Does physical law entail that humans are no more in charge of themselves than machines? Are we self-deceived if we imagine that our choices make a difference?
On this past Friday and Sabbath, May 19-20, fourteen scientists, theologians, and philosophers gathered at Loma Linda University to consider the most challenging of all science-and-religion questions. Adventists have been preoccupied with how to read Genesis after geology and Darwinism, but no threat to human significance matches the growing sense among biologists that human mental states may have only apparent influence. All of the causal power, it is thought, may lie beneath the surface of experience, at the level of “selfish” genes and, ultimately, of sub-atomic particles. But if human beings are wholly determined, despite what they think, by micro-forces entirely outside of their control, how can it make sense to speak of the spiritual life or even of morality itself?
The conference theme was “What’s with Free Will? Ethics and Religion after Neuroscience.” James Walters of Loma Linda University, along with Philip Clayton, a philosopher-theologian from the nearby Claremont School of Theology, had long dreamed of the event and had worked together in the planning. Participants came with papers stemming not only from neuroscience but also from such domains as social science, psychiatry, and theology. All presenters addressed the issues from the standpoint of Christian conviction that humans do have freedom to choose and make a difference, at least to some degree. None of them, however, disputed the deepening conviction that contemporary science casts doubt upon, and in any case narrows the scope of, the freedom available to human agents. The question was how, in light of the scientific evidence, to uphold (some degree of) free will as a genuine reality.
A striking feature of the conference was the honesty, fast pace, and inclusivity of the conversation. No one tried to resolve the problem by dismissing the relevance of science. As chief facilitator, Clayton enforced the ground rules with a firm hand—and much appreciated twinkling eye: this was serious business, and it would also be enjoyable. Presenters summarized their claims in 15 minutes; fellow presenters, seated around a table, asked their questions and made their comments for the next 15 to 20 minutes; then, from chairs arranged in a circle around the table, audience members (anyone could attend) had 10 minutes or so to chime in. With no pressure toward uniformity in play, and an overall atmosphere of geniality, opinion ranged across a wide band of conviction. The conference did not, however, evoke comment you could call fundamentalist. The debate concerning science and “free will” seems not yet to have achieved such resonance within traditional Adventism as to draw in the Church’s most conservative wing.
Two guests, both astonishingly prolific scholars, gave “plenary” addresses held in a large amphitheater, the first on Friday evening and next on Sabbath afternoon. Clayton was one of these, and he spoke on “Science, Ethics and Free Will: Why Neuroscience Doesn’t Ground Freedom, and What We Might Choose to Do about It.” He argued that if you attend to “emergent” mental complexity in nature, and not just to the micro-forces at work in brain activity, you can see that physical reality itself has brought into being a real human capacity to makes choices that affect the world. The experience of this capacity is not a complete illusion. Still, he insisted, freedom in its fullest sense requires a (chosen) connection with the ground of all of being, namely, God.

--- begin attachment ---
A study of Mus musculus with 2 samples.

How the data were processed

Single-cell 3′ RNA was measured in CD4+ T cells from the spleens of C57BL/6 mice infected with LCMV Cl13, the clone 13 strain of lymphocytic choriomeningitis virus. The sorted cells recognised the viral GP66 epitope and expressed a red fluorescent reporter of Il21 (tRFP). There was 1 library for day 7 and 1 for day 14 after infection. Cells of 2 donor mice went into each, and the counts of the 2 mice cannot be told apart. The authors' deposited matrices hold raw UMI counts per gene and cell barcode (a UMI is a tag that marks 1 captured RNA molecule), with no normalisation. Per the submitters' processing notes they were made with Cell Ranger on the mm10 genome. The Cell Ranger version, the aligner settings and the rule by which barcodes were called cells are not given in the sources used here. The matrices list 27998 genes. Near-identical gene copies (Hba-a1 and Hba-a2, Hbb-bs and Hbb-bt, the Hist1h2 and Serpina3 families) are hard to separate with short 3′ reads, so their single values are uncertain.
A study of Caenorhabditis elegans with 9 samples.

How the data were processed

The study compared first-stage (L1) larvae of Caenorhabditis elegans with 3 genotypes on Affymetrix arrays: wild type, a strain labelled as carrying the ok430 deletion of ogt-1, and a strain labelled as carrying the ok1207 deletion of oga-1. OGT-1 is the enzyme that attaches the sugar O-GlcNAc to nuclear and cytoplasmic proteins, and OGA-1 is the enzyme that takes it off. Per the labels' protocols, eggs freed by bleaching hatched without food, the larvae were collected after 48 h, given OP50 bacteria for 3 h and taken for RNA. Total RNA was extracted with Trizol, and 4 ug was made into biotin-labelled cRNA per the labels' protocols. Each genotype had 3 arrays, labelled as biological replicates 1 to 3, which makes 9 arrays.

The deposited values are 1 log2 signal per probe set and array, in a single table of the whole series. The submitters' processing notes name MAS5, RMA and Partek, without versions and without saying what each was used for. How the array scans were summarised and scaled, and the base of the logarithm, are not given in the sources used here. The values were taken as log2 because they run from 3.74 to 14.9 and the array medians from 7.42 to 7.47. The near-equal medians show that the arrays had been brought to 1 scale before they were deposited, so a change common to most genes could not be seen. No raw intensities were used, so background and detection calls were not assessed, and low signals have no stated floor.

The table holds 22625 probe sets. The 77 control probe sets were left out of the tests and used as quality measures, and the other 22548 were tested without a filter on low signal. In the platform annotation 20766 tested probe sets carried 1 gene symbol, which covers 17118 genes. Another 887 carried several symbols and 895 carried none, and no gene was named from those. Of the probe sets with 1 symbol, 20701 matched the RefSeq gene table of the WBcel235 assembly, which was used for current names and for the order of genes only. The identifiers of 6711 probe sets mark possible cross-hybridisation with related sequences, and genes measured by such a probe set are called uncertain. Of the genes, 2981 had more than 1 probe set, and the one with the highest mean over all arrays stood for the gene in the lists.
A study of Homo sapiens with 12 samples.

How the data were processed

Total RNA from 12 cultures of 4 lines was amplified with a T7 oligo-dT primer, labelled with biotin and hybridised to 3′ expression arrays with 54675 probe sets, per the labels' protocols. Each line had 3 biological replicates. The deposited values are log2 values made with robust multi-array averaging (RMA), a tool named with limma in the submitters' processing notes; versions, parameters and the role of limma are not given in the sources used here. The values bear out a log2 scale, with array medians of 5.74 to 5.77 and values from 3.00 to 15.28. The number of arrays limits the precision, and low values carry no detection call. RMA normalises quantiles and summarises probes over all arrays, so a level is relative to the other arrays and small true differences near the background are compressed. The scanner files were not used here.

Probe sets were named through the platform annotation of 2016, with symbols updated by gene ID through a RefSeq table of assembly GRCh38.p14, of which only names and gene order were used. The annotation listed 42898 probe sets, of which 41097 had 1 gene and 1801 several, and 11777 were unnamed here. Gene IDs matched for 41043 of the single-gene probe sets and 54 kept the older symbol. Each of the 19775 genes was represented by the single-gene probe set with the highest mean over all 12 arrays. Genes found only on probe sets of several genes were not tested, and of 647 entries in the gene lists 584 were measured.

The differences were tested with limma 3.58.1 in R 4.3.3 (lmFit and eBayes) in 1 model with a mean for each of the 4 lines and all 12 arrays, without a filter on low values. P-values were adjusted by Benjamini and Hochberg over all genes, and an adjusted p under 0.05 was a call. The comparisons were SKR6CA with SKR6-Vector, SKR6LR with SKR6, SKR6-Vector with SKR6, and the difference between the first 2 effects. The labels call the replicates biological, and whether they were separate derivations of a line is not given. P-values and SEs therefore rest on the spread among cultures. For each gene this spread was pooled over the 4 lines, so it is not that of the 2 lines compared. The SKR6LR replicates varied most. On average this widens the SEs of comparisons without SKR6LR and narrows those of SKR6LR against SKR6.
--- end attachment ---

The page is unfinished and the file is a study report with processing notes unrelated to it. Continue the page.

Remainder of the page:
The other guest was Thomas Oord, a much-published professor at Northwest Nazarene University in Idaho. In his address on Sabbath afternoon, Oord argued for “Genuine (but Limited) Freedom for Creatures and for a God of Love.” He appealed to common sense, or what he called “experiential non-negotiables” such as the assumptions we make in raising children, as a basis for believing in limited free will for human beings. He also explored implications of limited free will for Christian understanding of a God defined by love. Such a God gives freedom but cannot withdraw it. Divine power cannot, for that reason, be absolute, nor can divine knowledge about the future be entirely exhaustive. By turning attention to these matters, Oord linked the Christian conviction of (limited) free will to the movement, often called “open theism,” with which Adventist theologian Richard Rice is also linked. God is a divine persuader, not a divine enforcer; God’s way with the world and its creatures sustains, not overrides, (limited) human freedom.
Oord’s address was the last at the conference, and afterward, the other presenters were pulled into a down-front row. Then Clayton stepped forward, again with the twinkle, and now also with a smart-phone timer. What followed was not quite a panel “discussion,” but the fast pace of conversation did here reach its amiable peak. Every responder had two minutes. Clayton expected down-to-the-second compliance and voiced delighted appreciation when a speaker’s last syllable landed on the last available second. Reservations about Oord’s remarks came to the fore and so did wide agreement with them. It was clear, as the conference ended, that there was overall consensus on the importance and direction of the entire conversation.
The planners will produce an edited volume with revised drafts of all papers. Aside from the two guests, presenters, in order of their appearance, were these: Charles Scriven, Calvin Thomsen, Kendal Boyd, David Larson, David Wilbur (by way of a reader who assisted in his absence), Mark Ard, Marlene Ferreras, Zane Yi, Rick Rice, Fritz Guy, Gerald Winslow, and Jim Walters.
Charles Scriven is Board Chair of Adventist Forum, the organization that publishes Spectrum.